Bullsnakes are known by several other common names, including gopher snake, pilot snake and pine snake. These snakes are the largest in Minnesota – averaging five feet in length. Bullsnakes in other parts of their range can be larger; in fact, the largest on record measured over eight feet long!

What They Eat 

Bullsnakes play an important role in helping to limit populations of agricultural pests, such as small mammals. These nonvenomous constrictors mainly eat rodents, but will also eat birds, bird eggs, lizards, smaller snakes, insects, bats and frogs. The majority of their diet is pocket gophers, rats, mice, young rabbits and ground squirrels.

Where They Live

Bullsnakes range throughout central and western North America, from Indiana west to southwest Canada, and south to northern Mexico. They can be found in a variety of habitats including prairie, desert, woodlands, shrublands, rocky bluffs and agricultural fields, with a preference for areas with well-drained, loose soil. In Minnesota, they are found along the Mississippi, St. Croix and Minnesota rivers.

What They Do

In colder climates, bullsnakes hibernate for about six months of the year to avoid freezing. They will spend the winter below the frostline in deep underground burrows, like those of a pocket gopher or ground squirrel. Bullsnakes are solitary, but will come together for annual breeding between June and August.

How They’re Doing

With a stable North American population, bullsnakes are listed as being a “least concern” for extinction. In Minnesota, they are listed as a species of “special concern” with major threats to bullsnake survival being habitat destruction and degradation.

Where in the World  

North America


Prairies, woodlands, deserts, pastures

Conservation Status 

Animal Facts

Body Length: 3–8 feet
Weight: 2–4 pounds
Number of eggs: 2–24 per clutch
Lifespan: 12–15 years in the wild, up to 33 years in zoos

Taxonomic Category

Reptile, snake

Where at the Zoo


Sidebar Content

  • Bullsnakes are non-venomous and kill their prey by constriction. When in burrows, bullsnakes kill by pressing the prey against the tunnel wall as it is attempting to escape.
  • Bullsnakes are often mistaken for rattlesnakes because of similar coloration and because they have a tendency to vibrate their tails when threatened. When they do this in areas with dried leaf litter, it can sound like a rattle.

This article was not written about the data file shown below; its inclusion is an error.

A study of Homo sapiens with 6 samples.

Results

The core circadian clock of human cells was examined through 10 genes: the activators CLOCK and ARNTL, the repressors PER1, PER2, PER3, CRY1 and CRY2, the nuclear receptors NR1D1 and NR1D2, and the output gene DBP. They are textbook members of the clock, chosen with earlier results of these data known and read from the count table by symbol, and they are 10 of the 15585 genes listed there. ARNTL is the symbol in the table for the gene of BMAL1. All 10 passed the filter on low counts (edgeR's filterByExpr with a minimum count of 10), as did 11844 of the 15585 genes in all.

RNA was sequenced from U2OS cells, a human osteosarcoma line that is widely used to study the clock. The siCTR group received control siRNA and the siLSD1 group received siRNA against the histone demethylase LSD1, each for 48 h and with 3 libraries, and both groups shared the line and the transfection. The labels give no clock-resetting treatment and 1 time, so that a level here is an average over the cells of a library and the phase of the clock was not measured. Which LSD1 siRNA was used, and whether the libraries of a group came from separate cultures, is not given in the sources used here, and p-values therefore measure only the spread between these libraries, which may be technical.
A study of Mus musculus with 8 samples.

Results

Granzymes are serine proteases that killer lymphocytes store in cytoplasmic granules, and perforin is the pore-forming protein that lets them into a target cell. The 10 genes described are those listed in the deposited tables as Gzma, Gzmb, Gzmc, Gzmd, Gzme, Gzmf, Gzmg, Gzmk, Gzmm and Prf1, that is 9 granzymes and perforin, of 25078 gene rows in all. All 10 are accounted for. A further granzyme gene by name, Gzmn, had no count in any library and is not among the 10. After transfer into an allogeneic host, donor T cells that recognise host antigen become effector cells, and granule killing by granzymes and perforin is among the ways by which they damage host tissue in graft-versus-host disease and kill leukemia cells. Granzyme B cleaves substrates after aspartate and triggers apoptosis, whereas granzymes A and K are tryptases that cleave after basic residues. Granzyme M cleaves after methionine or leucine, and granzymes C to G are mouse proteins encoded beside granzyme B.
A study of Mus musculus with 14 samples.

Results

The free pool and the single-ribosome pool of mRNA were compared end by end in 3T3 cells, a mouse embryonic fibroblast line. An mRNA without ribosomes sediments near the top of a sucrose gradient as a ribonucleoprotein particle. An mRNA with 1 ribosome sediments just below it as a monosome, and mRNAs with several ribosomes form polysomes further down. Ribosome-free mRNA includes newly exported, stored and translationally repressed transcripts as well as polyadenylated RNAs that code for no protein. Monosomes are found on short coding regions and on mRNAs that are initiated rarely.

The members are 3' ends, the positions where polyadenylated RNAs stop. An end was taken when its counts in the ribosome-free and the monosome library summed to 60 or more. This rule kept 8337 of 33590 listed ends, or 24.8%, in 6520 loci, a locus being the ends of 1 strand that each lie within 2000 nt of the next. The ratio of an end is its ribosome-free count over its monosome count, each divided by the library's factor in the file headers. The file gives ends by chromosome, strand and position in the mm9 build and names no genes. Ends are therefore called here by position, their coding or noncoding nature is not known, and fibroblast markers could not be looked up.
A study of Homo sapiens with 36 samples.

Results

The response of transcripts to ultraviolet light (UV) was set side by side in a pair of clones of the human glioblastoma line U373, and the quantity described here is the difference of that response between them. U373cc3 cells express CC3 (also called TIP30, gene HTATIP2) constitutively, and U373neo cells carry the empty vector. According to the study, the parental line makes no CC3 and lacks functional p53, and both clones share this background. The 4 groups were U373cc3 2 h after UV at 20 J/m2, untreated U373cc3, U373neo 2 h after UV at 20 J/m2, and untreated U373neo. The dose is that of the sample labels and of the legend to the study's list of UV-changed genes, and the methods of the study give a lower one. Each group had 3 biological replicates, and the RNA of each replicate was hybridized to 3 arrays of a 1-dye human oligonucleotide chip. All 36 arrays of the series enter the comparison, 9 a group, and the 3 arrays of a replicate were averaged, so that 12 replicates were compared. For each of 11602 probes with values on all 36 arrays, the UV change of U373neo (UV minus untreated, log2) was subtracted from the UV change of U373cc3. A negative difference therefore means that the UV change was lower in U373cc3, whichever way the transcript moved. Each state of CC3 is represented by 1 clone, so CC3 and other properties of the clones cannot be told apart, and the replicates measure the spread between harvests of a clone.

• The name “bull” snake originated because of the loud, raspy hissing sounds made by the snake when startled, which sounded like the snorting of a bull.
  • The largest bullsnake ever recorded in Minnesota measured 8 feet 4 inches!
  • Bullsnakes are 1 of 17 species of snakes found in Minnesota.
  • In spring and fall, Minnesota bullsnakes are more active during the day. However, during the heat of summer, they are more active at night.

The International Union for the Conservation of Nature lists bullsnakes as being a “least concern” for extinction. Some local declines have occurred due to habitat destruction and degradation. But overall, the North American population is stable. While bullsnakes can survive in semi-agricultural landscapes and in areas with rural residential development, they prefer native prairies and oak savannahs. Historically, agriculture was the primary threat in Minnesota, but urban sprawl and lack of fire are the main threats today. Without fire, environments become overgrown with woody plants, degrading important bullsnake habitat.

Things the Zoo’s Done/Doing
In the summer of 2018, the Ulysses S. Seal Conservation Grant program provided funding for Zoomobile Interpretive Naturalist and snake enthusiast Donnie Crook to work with the Minnesota Department of Natural Resources (DNR) to study bullsnakes in western Minnesota. This work was part of a project to improve long-term sustainability of grassland snake populations in Minnesota, focusing on bullsnakes and plains hog-nosed snakes. Donnie worked with DNR staff to locate, mark and track bullsnakes at two Minnesota River Valley sites. DNR biologists follow bullsnake movements and identify habitats used so that significant habitat features, such as den sites and nesting areas, can be protected. In addition to providing field staff support, the Ulysses S. Seal Conservation Grant provided telemetry gear, snake den protective equipment, temperature monitoring equipment, drift fences used in mark-recapture efforts, and veterinary services.